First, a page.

Guest Post by Cheryl Garland
Investing for retirement isn’t always the most cheerful topic of conversation. It makes you think about two things: getting older, and stashing away your income where you don’t get to enjoy it! Neither one of those quite makes you want to jump off the couch and do cartwheels.
That said, you might feel like doing a few cartwheels if years down the line you start to dip into your retirement savings and realize that you’ve got quite a bit of them. Then you might do more cartwheels just to celebrate the fact that you’re a senior citizen heading into retirement and you’re still nimble enough to do them in the first place. But, I digress.
The point here is that you can’t ever enjoy your retirement savings unless you generate them effectively in the first place. There’s not a definitive “best” way to do this, but there are a lot of fairly reliable methods that have developed over the years, and it’s never too late to start in on one of them. So here are six types of different retirement investments to consider.
Generally speaking, a 401(k) is the go-to example of a retirement fund, at least for those who seek to save for retirement through employers. And hey, why not invest in the method that, at least in some cases, lets your employer match what you’re able to put away? A 401(k) topped one list of retirement savings accounts to consider, and with good reason. It’s a simple, straightforward setup by which you allow a given amount of your salary to be put away to start earning interest, before it’s ever taxed. It’s really one of society’s better ideas.
Another type of savings account pointed out by the article that started off with the 401(k), a SEP IRA is made for people who happen to be self-employed, or small business owners. Basically, it works like a 401(k) but a little bit more simply, given you’re just doing it for yourself. In a SEP IRA you’re able to put away up to 25 percent of your annual income, which is a pretty serious chunk to be stashing away for retirement.
Retirement Mutual Fund
“Mutual fund” is a term that gets bounced around a lot, but in case you’re not particularly familiar with what it actually is, one handy overview describes it as a fund that pools money from a group of investors to build up a portfolio with minimal costs, maximum diversity, and maximum returns. Sounds good, right? Even better, there are some mutual funds out there specifically designed for retirement, through which you can set up a sort of monthly withdrawal that basically acts as a retirement salary.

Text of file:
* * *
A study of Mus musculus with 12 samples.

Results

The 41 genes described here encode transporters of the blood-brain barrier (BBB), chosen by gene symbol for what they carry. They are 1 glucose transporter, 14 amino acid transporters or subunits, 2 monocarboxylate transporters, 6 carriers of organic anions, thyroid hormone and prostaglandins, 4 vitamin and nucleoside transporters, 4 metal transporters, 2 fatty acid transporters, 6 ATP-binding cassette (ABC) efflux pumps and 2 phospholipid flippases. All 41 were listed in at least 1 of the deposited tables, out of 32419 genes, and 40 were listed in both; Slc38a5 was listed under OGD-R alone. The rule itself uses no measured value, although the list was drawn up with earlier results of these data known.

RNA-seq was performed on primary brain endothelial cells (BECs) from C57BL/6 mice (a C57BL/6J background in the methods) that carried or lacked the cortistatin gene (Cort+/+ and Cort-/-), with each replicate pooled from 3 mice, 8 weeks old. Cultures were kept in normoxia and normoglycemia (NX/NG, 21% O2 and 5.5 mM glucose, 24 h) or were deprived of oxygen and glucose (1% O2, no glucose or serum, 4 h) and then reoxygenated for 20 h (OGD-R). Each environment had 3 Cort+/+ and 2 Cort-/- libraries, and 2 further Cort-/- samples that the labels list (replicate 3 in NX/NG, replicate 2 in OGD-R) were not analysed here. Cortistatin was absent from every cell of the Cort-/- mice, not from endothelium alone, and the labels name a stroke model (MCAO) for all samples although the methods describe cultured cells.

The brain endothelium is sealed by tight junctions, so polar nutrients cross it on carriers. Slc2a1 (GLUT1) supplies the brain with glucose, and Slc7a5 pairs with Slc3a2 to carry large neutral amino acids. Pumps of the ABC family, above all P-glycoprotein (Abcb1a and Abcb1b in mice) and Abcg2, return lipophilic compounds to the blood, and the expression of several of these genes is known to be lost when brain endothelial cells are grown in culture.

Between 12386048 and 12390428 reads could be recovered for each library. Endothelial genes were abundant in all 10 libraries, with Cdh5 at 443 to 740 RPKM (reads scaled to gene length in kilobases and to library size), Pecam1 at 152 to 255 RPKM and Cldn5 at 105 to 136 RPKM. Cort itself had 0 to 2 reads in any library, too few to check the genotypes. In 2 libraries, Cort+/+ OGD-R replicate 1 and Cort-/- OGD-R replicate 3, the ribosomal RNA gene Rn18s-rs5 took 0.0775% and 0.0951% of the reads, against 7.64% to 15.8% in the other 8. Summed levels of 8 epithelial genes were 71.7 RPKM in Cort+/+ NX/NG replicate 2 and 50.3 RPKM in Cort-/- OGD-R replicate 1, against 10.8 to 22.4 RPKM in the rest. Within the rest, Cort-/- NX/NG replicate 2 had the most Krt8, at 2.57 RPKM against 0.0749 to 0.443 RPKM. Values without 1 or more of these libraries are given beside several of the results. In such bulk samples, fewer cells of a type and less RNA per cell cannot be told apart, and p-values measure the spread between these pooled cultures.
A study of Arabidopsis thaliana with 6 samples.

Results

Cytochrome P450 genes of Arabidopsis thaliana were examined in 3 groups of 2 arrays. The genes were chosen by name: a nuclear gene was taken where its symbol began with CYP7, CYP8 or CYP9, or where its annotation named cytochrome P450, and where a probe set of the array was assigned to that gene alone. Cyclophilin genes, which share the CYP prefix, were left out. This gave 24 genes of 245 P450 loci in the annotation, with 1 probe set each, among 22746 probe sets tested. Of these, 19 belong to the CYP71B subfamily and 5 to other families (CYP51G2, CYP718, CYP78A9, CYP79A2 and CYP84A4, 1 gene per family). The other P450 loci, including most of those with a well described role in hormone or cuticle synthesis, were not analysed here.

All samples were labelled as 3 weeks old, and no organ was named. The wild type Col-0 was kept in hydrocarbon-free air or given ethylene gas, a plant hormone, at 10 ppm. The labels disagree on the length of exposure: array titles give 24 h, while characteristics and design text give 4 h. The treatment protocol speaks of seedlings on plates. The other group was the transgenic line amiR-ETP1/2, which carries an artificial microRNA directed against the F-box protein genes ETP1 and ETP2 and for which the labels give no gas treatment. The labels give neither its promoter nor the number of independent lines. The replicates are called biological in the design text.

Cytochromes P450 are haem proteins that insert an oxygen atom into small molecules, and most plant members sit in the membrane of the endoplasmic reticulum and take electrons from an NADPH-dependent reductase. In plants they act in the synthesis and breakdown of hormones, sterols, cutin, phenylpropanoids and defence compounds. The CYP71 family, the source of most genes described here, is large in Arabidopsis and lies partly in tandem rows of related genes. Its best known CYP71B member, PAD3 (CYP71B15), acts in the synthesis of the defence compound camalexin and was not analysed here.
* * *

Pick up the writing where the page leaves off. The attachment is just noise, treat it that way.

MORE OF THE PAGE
An IRA is basically a personal retirement plan that’s unrelated to your employment, whether your work for somebody else or yourself. You can put in about $5000 or $6000 per year (and it grows without its growth being taxed). But here’s the fun part! You can actually contribute to an IRA in addition to, well, any other type of account on this list. That’s easier said than done, but if you’re able to do it you can wind up putting away quite a bit of money each year—which you’ll appreciate down the line.
A health savings account is basically a means of putting away money for health costs in advance, in a tax-free account. It’s actually meant to be spent, if necessary, on medical expenses not covered by your insurance policy. But the catch is that whatever you put into an HSA actually rolls over to the next year. Plenty of people who invest in HSAs don’t wind up spending their investments, so this rollover can actually become pretty significant.
Your Own Portfolio
Finally, if you like to take risks, you can always set up your own investment portfolio and enjoy more direct control over your retirement fund. This is generally not advisable, but if you happen to be a skilled investor and you like the idea of keeping a close eye on how your savings are doing, you can always open a portfolio specifically for this purpose.
That’s a lot to consider! And even if you’re on the cusp of retirement already, it’s never too late to stop saving. I know, I know, you’ve heard it a hundred times—but you’ll be glad you did it.